Challenges for IoT: Connectivity, protocols, funding

IoT faces technical and funding issues. Funding, however, could be surmountable with a change in approach.

Challenges for IoT: Connectivity, protocols, funding

Those connectivity and protocol issue apparently come up in both planning and deployment, and then again in the analysis of IoT data, the study says.

The industry survey was performed in Europe recently by U.S.-based PLAT.ONE, a software and industrial solutions firm specializing in IoT development. The survey asked executives what kinds of trouble they experienced with IoT projects.

Support of unknown machine protocols turned out to be a big issue.

“The concern here is around future proofing and support to interoperate across the myriad of legacy, new and unknown machine protocols,” says Dr. John Bates, CEO of PLAT.ONE, in a press release.

Bates also says there’s a problem dealing with the data generated.

“Being able to ingest, combine and correlate data from any device that comes along is critical,” he says. “This is not something that traditional integration vendors know how to do and requires a completely new approach for the IoT era."

Analysis of data was a also big problem, according to the survey respondents. Twenty-one percent had a problem analyzing data, from a technical perspective.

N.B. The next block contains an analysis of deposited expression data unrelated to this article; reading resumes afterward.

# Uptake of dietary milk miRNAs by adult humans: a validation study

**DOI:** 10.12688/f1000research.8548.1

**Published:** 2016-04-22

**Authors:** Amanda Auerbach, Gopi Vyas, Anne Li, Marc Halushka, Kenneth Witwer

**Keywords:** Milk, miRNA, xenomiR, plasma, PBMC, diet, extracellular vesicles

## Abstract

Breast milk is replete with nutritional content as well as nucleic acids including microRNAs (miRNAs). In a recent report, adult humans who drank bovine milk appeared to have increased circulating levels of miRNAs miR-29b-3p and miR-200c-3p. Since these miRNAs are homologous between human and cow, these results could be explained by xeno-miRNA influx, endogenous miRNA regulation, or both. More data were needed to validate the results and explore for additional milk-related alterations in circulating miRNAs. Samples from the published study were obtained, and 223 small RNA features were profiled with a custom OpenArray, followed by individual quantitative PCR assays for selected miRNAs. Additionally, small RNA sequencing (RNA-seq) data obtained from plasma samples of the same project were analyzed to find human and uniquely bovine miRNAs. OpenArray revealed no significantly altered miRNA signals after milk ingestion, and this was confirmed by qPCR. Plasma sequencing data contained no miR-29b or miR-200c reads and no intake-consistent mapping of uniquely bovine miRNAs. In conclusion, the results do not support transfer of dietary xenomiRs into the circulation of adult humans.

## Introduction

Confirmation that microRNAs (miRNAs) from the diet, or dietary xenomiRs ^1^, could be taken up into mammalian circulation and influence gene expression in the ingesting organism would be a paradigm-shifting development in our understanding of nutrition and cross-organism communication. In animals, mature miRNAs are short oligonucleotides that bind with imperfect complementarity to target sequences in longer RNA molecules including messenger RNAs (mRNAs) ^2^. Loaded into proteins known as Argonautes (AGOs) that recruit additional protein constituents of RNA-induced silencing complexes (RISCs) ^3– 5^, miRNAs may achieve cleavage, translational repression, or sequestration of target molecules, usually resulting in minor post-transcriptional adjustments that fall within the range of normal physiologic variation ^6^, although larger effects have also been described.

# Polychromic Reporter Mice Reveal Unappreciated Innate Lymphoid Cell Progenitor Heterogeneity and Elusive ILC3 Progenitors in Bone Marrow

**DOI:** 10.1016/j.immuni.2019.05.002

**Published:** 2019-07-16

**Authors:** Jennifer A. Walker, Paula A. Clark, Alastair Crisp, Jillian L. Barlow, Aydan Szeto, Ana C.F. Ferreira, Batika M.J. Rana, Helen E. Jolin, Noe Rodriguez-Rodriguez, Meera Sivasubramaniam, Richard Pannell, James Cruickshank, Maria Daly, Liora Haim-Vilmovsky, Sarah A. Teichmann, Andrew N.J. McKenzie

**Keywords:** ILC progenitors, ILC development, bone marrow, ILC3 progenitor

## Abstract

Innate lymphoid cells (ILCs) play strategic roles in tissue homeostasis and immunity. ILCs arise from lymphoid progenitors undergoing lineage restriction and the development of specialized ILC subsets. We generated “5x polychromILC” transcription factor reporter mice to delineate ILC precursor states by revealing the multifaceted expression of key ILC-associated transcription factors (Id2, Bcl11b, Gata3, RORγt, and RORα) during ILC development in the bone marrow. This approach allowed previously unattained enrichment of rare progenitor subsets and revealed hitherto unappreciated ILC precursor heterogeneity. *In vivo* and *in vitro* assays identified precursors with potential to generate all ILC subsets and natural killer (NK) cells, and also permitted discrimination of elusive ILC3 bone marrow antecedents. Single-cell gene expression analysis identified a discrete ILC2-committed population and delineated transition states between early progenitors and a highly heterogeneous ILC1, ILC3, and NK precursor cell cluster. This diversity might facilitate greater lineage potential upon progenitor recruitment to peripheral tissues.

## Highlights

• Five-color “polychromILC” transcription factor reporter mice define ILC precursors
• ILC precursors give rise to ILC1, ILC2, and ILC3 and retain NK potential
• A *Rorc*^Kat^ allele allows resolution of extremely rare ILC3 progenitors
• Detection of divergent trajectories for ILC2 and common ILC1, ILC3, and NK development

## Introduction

IoT project trends

Some interesting trends surfaced in the study, too.

PLAT.ONE says it “investigated” IT infrastructure, technology requirements, business challenges and state of deployment. It found that 50 percent of all of the IoT projects that are being planned are related to connected products. Transport and logistics came second and made up 33 percent of the total.

Getting money for IoT projects is iffy, the study reveals. It found that although 72 percent of the business professionals said that they had “IoT projects in the planning stage,” just 9 percent have actual, funded projects on the go.

That low funding rate may reveal a disconnect between those wanting to develop IoT projects and those being asked to come up with the money. In other words: the bosses.

Substantiating the projects can be hard, the report suggests.

“Proving ROI” and “convincing key internal stakeholders that this is the right time” are business challenges that the developers said they faced.

But the lack of funding may be due to a wrong approach, Bates says.

Bates has used the term “thinganomics” in interviews—a word he invented, according to Computer Business Review. That word roughly means that because IoT devices are connected, and because one can remotely monitor usage, then pay-as-you-go charging models become possible. In addition, big data can be collected and sold back as analytics, and yields can be increased through smart monitoring, and so on.

In other words, he’s suggests that the way to approach these kinds of projects is not in a traditional sense, which might be hard to substantiate from a monetization point of view, but as a disruptive strategy—à la Uber et al.

It might be worth making sure you’re thinking like that if you’re one of the, as-yet, non-funded.